Leap Year Black Walnut Parsley Pesto

February 25, 2016
By Holly Jennings

Black Walnut Parsley Pesto

 

Usually, black walnuts are folded into fudge, cakes, pies, ice cream, and other sweets, where their wonderfully pungent and earthy flavor off-sets cloying sweetness, and where sweeteners round out some the nut’s sharper notes.

 

But, when eaten out of hand, the flavor of black walnuts, America’s own native nut, can be something to get used to, especially to the unschooled palate. In comparison, the familiar flavor of the reserved English walnut is facile; black walnuts require a training regimen. Black walnuts make you earn their respect.

 

Make this pesto part of your training regimen. Though it’s easy to fall in love with black walnuts when your introduction to them is in a lovingly prepared dessert, this savory treatment is just as irresistible, especially when paired with mushrooms and soba.

 

If you’re developing a taste for black walnuts, you might start with half black walnuts and half regular “English” walnuts. (I’m still in training, so for this recipe I stared with a 50/50 ratio and am working my way up from there.) If you and black walnuts are on familiar terms, you will probably like this dish made with 100 percent black walnuts.

 

Soba with Black Walnut Parsley Pesto and Mushrooms

Makes 6 hearty servings or 8 starter portions

 

For the Black Walnut Parsley Pesto:

(Makes 1 heaping cup)

½ cup black walnuts, toasted (see Notes)

4 cups (packed) fresh flat-leaf parsley leaves

2 cloves garlic, chopped

½ cup grated Parmesan cheese (about ½ ounce)

3 grinds peppercorns

2 pinches crushed red pepper

2 pinches of salt

½ cup extra-virgin olive oil

* * * * *

2 (8-ounce) packages soba noodles

12 ounces mushrooms, sliced and sautéed

1 skinless, boneless chicken breast (about 1¼ pounds), cooked and sliced or diced (optional; see Notes)

 

To make the pesto: Pulse the walnuts in a food processor until finely chopped. Add the parsley, garlic, Parmesan, black and red peppers, and salt and pulse until the parsley is finely chopped. Slowly pour in the oil while the machine is running, stopping to scrape down the sides two or three times. Pesto can be made 4 days ahead. (To reduce discoloration, store with a place a piece of plastic wrap pressed directly onto the surface of the pesto, a nifty little technique that goes by the name of “cartouching.”)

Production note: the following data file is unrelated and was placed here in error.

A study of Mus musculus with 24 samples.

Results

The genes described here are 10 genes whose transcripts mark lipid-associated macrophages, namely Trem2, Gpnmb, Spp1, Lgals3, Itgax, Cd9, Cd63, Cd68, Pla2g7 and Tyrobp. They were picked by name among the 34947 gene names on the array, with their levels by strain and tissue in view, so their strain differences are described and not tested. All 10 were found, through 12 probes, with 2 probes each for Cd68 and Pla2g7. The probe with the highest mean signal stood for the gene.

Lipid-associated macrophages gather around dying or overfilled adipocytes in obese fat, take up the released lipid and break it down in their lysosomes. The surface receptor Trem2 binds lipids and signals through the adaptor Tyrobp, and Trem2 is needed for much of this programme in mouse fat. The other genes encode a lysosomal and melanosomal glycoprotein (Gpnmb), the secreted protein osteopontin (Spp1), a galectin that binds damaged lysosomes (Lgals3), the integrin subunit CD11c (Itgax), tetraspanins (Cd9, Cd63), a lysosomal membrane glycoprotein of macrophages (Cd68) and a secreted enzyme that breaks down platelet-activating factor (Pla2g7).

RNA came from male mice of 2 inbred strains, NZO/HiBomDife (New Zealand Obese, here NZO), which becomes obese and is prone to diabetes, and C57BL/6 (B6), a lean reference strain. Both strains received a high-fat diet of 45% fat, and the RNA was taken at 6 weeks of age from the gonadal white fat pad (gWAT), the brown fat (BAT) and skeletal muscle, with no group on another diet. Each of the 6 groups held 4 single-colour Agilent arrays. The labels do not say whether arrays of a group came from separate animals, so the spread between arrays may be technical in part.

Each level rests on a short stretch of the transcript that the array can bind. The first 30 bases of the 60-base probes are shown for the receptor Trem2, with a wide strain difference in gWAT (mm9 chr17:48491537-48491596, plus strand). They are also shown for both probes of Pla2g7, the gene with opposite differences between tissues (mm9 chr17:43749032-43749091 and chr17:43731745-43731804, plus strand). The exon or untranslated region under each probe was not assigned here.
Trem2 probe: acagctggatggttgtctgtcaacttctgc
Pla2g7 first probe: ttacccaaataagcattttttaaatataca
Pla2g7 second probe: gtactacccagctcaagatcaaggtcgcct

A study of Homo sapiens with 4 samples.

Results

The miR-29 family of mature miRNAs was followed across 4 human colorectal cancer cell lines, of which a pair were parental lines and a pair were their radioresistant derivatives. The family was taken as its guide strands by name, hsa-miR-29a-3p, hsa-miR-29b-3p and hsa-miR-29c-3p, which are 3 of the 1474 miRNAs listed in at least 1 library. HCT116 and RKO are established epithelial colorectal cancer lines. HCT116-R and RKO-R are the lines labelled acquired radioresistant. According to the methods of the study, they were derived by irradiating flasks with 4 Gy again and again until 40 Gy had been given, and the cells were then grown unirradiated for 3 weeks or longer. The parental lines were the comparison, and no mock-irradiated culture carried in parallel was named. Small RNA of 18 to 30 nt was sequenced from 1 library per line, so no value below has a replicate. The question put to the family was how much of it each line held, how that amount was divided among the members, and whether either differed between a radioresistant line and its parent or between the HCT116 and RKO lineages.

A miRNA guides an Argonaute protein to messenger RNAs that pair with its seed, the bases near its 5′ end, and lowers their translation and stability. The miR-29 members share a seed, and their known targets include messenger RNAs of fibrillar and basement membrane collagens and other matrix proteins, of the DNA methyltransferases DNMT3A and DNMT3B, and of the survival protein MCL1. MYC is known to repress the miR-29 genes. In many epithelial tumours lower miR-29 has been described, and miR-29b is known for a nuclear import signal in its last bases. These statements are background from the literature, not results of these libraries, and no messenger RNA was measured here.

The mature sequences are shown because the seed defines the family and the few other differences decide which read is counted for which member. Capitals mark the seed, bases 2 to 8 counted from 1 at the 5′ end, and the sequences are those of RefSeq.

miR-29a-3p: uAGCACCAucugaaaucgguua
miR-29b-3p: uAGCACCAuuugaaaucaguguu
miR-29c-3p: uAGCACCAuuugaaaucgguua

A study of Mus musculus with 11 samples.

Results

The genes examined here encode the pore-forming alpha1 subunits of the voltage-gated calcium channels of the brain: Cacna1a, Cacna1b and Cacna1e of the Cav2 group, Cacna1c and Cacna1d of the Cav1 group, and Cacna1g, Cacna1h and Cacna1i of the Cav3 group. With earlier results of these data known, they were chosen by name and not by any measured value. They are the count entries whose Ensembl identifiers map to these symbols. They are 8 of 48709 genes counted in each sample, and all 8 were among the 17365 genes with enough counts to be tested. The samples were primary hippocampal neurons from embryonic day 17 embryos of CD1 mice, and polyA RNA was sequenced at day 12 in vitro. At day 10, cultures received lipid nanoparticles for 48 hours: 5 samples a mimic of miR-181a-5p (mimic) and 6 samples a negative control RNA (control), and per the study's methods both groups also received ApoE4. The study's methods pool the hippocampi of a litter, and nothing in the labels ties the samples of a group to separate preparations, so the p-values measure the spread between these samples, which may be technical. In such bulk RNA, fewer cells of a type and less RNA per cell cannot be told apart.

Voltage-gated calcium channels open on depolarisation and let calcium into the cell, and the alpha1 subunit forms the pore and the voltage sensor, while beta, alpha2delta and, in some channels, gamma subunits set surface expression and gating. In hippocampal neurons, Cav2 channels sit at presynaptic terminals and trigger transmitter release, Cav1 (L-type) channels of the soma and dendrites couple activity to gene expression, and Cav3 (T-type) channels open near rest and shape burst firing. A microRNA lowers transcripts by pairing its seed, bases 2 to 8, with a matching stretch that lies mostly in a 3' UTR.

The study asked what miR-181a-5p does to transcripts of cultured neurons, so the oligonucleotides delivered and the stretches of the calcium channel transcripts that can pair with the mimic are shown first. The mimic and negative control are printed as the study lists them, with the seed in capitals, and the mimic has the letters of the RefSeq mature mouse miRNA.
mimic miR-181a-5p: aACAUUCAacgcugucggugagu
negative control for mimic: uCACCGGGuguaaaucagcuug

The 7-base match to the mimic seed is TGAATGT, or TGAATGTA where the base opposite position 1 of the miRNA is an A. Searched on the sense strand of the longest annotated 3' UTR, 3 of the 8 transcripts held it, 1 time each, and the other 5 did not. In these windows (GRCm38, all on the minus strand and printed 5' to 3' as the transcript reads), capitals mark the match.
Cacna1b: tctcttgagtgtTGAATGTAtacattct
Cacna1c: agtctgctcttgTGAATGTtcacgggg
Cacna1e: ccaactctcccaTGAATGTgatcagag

To serve: Cook the soba according to the package directions, then toss with the pesto, mushrooms, and chicken (if using) in a large saute pan over medium-low heat to combine and heat through.

 

Notes: If you want to make a milder version of this pesto, use a 50/50 ratio of black walnuts and English walnuts. I recommend using ¼ heaping cup black walnut pieces and ¼ heaping cup English walnut halves. I used Hammons’ “Fancy Large” black walnuts to make this recipe. If you use Hammons’ “Fancy Large Premium” black walnuts (in the bag with the Missouri Dandy label), for an accurate measurement, coarsely chop the nuts before measuring them as they tend to be larger than those called simply “Fancy Large.” (The Missouri Dandy nuts are available for purchase on Hammons’ site only.)

 

Because the pesto is rich, and the mushrooms are sautéed, a lighter cooking method is best for the chicken, such as poaching, steaming, or using a combination pan-fry and pan-steam method. The latter method I picked up from one of the cookbook authors I’ve edited, Kelly Brozyna, whose everyday method for cooking boneless, skinless chicken breast, which she calls Easy Chicken, is included in her book Easy Paleo Meals. The method, adapted here slightly, is to season the chicken with salt and pepper, heat a skillet up over medium heat, add a little oil to the hot pan, sear the chicken until it can easily be dislodged from the bottom of the pan (1 to 2 minutes), flip it over, add a little water, cover the pan tightly, reduce the heat to low, and simmer until done, about 15 minutes.